New Delhi, May 19: A minefield of security issues awaits the Narendra Modi government, set to be sworn in at an inflexion point in South Asia after a victory in which the constituency of former soldiers has supported him strongly.
For the first time, a former army chief, retired Gen. V.K. Singh, has been elected an MP. The general, Modi’s candidate in Ghaziabad, won big — by over 5 lakh votes in a margin comparable to that of the Prime Minister-designate himself in Vadodara — over the Congress’ Raj Babbar.
The irony of the general, who had as army chief challenged the Manmohan Singh government in the Supreme Court in an age dispute, walking into South Block in a different capacity would be striking. But in the record of past transitions, defence ministers have usually maintained continuity and not tinkered with the security establishment.
The risks of appointing V.K. Singh defence minister may be too much — even for a government with a single-party majority such as Modi’s — because of questions over conflict of interest. Current army chief Gen. Bikram Singh and army chief-designate Lt Gen. Dalbir Singh Suhag have been accused by V.K. Singh’s supporters of having vested interests.
But the BJP enjoys a traditional rapport with men in uniform. The country also last went to war (or a mini-war) under the BJP-led government of Atal Bihari Vajpayee in Kargil in 1999.
Two years later, after an attack on Parliament, the military was mobilised and sent to the western front where it was face-to-face with Pakistani troops for a year in “Operation Parakram”, the brainchild of Vajpayee’s national security adviser, the late Brajesh Mishra. It was when the troops were mobilised that the burning of the Sabarmati Express in Godhra happened, followed by the Gujarat pogrom.
This time, Modi’s choice of defence minister will be shaped not only by the candidate’s proximity to him but also the individual’s grasp of the subject.
Within the armed forces under the UPA government, a constant refrain had been that A.K. Antony was either unwilling or unable to tackle military issues deftly.
Vajpayee had chosen George Fernandes, who was an ally in the NDA and not from his own party.
Congress-led governments have almost always kept the defence portfolio for a senior member of the party (Pranab Mukherjee, followed by Antony under the UPA). Modi doesn’t have the compulsions of a coalition to choose someone from outside his party.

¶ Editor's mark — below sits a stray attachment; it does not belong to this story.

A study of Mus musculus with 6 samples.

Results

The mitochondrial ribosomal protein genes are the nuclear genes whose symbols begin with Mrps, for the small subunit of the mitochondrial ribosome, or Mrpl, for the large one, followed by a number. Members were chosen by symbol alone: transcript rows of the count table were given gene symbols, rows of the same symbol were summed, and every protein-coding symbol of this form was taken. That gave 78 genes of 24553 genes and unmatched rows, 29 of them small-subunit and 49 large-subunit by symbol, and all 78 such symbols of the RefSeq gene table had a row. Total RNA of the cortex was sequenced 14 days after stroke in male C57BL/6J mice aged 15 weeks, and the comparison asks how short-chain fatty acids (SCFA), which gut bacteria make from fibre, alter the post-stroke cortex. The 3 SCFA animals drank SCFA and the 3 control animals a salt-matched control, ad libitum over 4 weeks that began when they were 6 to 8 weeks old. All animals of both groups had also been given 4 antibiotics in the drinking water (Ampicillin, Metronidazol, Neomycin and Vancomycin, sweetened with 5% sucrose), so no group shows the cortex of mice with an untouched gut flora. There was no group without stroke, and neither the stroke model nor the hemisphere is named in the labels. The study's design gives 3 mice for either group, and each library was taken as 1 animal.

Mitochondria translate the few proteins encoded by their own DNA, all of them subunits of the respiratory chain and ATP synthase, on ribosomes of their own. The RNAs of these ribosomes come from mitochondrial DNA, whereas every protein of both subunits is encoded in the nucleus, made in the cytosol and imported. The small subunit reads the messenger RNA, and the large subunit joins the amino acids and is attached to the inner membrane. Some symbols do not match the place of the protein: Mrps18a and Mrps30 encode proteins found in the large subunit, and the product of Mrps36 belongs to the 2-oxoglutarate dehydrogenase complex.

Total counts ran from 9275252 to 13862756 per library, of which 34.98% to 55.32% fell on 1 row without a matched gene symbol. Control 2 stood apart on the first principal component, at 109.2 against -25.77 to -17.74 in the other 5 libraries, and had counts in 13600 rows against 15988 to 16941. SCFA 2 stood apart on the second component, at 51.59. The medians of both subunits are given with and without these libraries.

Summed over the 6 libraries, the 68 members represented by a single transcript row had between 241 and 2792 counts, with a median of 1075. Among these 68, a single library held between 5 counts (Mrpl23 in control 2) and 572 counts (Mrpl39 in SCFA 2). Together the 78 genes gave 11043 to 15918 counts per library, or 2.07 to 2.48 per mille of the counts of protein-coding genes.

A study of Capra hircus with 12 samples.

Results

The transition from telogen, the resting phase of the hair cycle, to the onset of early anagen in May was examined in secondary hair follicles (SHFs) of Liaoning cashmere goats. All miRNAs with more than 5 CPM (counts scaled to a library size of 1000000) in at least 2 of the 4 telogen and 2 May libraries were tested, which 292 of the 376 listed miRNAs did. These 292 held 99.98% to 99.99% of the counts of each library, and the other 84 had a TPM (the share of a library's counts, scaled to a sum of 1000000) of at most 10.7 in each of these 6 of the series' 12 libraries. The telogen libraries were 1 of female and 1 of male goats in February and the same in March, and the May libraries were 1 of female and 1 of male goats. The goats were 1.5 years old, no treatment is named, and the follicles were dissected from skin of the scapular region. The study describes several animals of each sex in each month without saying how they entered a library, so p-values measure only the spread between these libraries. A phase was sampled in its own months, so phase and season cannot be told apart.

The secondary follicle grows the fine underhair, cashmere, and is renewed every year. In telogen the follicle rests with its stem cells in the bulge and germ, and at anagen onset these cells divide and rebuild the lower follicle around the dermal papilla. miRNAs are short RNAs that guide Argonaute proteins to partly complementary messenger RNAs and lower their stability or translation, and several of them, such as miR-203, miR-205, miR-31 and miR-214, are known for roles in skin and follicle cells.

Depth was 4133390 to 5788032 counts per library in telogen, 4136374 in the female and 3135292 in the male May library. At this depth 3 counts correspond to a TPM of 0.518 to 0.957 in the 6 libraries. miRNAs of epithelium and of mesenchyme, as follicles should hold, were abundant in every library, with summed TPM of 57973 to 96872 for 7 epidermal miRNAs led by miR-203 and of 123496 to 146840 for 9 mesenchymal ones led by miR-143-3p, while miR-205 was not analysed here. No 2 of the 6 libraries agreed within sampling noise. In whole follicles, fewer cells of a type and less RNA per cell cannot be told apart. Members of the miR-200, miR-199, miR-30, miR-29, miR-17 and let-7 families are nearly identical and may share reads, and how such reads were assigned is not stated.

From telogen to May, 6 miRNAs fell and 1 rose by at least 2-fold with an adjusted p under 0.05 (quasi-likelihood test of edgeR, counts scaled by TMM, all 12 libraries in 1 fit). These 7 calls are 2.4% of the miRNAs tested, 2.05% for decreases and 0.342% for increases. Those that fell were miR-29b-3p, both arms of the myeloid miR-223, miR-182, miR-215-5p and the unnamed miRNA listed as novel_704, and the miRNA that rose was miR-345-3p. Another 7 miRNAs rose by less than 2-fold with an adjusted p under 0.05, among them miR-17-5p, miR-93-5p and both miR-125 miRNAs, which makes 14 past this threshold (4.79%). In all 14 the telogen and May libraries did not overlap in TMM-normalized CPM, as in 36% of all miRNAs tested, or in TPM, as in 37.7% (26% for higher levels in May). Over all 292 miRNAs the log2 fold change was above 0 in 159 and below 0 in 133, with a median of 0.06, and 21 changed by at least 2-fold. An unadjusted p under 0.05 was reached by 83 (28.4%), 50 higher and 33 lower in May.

The name of Rajnath Singh is counted among the probables. The BJP president is said to have been instrumental in drafting V.K. Singh. Ghaziabad, from where the former general won, is Rajnath’s former constituency.
The choice of a national security adviser — a post that gained importance under the Vajpayee government — would also be indicative of the direction foreign and security policies may take. In the school of security policy wonks, the hawks have usually inclined towards the BJP.
In the months ahead, when US troops withdraw from Afghanistan through Pakistan, New Delhi’s relations with its western neighbour are likely to re-enter a cycle of turbulence. Islamabad itself may have set the ball rolling last week by expelling the only two Indian journalists accredited under a government-to-government arrangement.
The list of to-do’s for Modi’s defence minister is long. Topping it are proposals for military modernisation, the air force’s need for 126 multi-role combat jets, which could cost over $20 billion (around Rs 120,000 crore), and a second line of six submarines for the navy.
In one of his first campaign rallies, accompanied by V.K. Singh, Modi had addressed ex-servicemen and held out hope that he would implement a uniform pension scheme. Antony said he had done this but veterans disputed his claim.
Also on the to-do list are proposals for defence reform. Many of these originated under the Vajpayee government. One plan, for instance, was to have the chief of defence staff as a single-point military adviser to the government. Antony had cited lack of political consensus to delay its creation. Modi, with a majority, will not have that excuse.